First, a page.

Victims and Villains explores how migrant voices and experiences are framed in Britain’s migration debate, against the backdrop of a complex relationship between the media, political debate and public attitudes. We asked;
  • Were the voices and experiences of migrants present in media reporting on migration issues in the months leading up to the 2015 General Election?
  • And if migrants were able to have a voice, how were their experiences and perspectives represented and framed?

We found that migrants are only referenced in 15% of newspaper articles on migration and that 85% of articles do not have a migrant perspective.

We also found evidence that migrant voices are more likely to be included in stories which tend towards more positive, sympathetic or humanising portrayals of migration and a majority of these presented the migrant as a victim in need of sympathy and support. By contrast migrant voices are less likely to be present in stories which tend towards more negative views of migration and migrants.

However, our interviews and focus groups clearly showed that this concentration of migrant voices in victim frames does not reflect the varied lives of migrants who live in the UK. A narrow view of migrants as victims may reinforce dominant stereotypes in ways that are not helpful in the longer term.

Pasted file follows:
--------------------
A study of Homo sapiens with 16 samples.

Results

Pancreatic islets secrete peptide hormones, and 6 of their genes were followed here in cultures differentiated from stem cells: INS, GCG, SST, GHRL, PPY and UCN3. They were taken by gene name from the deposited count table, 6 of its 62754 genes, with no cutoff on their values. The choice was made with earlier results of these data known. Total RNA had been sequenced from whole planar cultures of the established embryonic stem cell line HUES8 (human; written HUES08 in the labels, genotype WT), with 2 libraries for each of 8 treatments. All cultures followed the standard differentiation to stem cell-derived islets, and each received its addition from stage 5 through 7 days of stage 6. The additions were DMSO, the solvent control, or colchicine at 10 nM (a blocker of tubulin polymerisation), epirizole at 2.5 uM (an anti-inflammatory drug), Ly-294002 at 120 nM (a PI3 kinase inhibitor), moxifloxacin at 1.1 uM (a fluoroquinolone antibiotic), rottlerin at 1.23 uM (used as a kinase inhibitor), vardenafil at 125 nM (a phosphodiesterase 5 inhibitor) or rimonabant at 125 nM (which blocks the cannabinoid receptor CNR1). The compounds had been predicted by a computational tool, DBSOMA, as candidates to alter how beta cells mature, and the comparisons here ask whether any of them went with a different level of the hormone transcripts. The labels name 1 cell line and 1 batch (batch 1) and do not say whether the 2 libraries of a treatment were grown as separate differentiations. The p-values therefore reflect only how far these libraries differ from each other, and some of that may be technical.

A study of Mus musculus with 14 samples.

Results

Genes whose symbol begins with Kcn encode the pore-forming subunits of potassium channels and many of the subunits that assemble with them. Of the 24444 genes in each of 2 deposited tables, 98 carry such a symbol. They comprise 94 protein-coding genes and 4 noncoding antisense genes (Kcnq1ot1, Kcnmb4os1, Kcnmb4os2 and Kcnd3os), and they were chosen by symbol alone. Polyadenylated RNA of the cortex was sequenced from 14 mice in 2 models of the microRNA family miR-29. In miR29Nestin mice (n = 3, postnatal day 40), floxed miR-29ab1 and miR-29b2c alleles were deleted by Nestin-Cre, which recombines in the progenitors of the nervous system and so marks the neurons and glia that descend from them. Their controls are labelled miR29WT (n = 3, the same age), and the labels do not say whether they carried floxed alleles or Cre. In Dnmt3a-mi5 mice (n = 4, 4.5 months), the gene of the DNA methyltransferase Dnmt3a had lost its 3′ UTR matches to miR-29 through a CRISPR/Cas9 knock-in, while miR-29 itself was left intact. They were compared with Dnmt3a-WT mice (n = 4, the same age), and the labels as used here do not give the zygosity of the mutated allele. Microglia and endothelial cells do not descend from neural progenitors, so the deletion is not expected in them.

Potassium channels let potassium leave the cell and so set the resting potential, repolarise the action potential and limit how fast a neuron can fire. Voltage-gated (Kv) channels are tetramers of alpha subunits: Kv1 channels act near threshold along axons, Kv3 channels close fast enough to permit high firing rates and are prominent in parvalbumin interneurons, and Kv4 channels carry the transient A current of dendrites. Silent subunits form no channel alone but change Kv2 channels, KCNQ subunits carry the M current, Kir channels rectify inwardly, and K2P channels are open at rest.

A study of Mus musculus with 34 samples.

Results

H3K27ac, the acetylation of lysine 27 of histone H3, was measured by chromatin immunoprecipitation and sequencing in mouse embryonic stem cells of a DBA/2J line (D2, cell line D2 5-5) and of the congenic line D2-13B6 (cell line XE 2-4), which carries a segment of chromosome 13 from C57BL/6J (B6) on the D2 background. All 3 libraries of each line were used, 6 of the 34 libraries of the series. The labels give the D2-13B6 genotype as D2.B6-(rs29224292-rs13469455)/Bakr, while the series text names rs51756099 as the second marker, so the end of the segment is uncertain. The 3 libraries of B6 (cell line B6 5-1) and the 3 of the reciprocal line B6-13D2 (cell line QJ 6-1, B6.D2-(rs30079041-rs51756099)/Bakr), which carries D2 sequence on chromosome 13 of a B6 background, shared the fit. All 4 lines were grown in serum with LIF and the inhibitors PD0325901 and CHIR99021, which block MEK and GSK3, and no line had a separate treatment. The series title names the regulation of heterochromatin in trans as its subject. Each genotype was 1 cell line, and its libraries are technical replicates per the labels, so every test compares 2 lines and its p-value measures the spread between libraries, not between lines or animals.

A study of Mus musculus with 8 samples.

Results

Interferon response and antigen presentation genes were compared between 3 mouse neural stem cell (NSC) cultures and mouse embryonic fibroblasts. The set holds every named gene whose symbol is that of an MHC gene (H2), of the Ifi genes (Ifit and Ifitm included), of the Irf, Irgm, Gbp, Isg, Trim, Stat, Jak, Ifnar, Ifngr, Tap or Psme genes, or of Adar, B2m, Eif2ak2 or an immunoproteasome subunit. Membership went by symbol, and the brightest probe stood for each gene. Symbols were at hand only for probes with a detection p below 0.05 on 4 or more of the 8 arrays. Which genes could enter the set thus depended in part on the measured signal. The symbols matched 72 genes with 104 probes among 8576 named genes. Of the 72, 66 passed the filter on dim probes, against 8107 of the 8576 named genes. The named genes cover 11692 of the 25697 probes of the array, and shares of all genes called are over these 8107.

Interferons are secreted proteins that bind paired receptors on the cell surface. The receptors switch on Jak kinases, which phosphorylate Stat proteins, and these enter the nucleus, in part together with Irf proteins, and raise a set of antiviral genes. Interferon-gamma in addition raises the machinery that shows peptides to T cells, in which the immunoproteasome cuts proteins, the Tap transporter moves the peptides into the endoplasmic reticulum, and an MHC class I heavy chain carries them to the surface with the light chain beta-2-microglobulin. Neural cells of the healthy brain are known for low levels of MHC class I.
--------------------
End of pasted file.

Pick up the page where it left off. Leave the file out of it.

Our research suggests that if the migration debate is to be more balanced and reflect the lived reality of migrants in Britain, it must include a wider range of evidence, views and perspectives.

The report draws on 648 migration-related stories in tabloid and broadsheet newspapers published in the period leading to the 2015 General Election as well as interviews with representatives from organisations working to engage migrant experiences and voices in the media and focus group discussions in Glasgow, Birmingham and London with 60 migrants from a range of countries and backgrounds.

You can download a copy of the report here or for more information, please contact

This project was funded by Coventry University and the Open Society Foundations.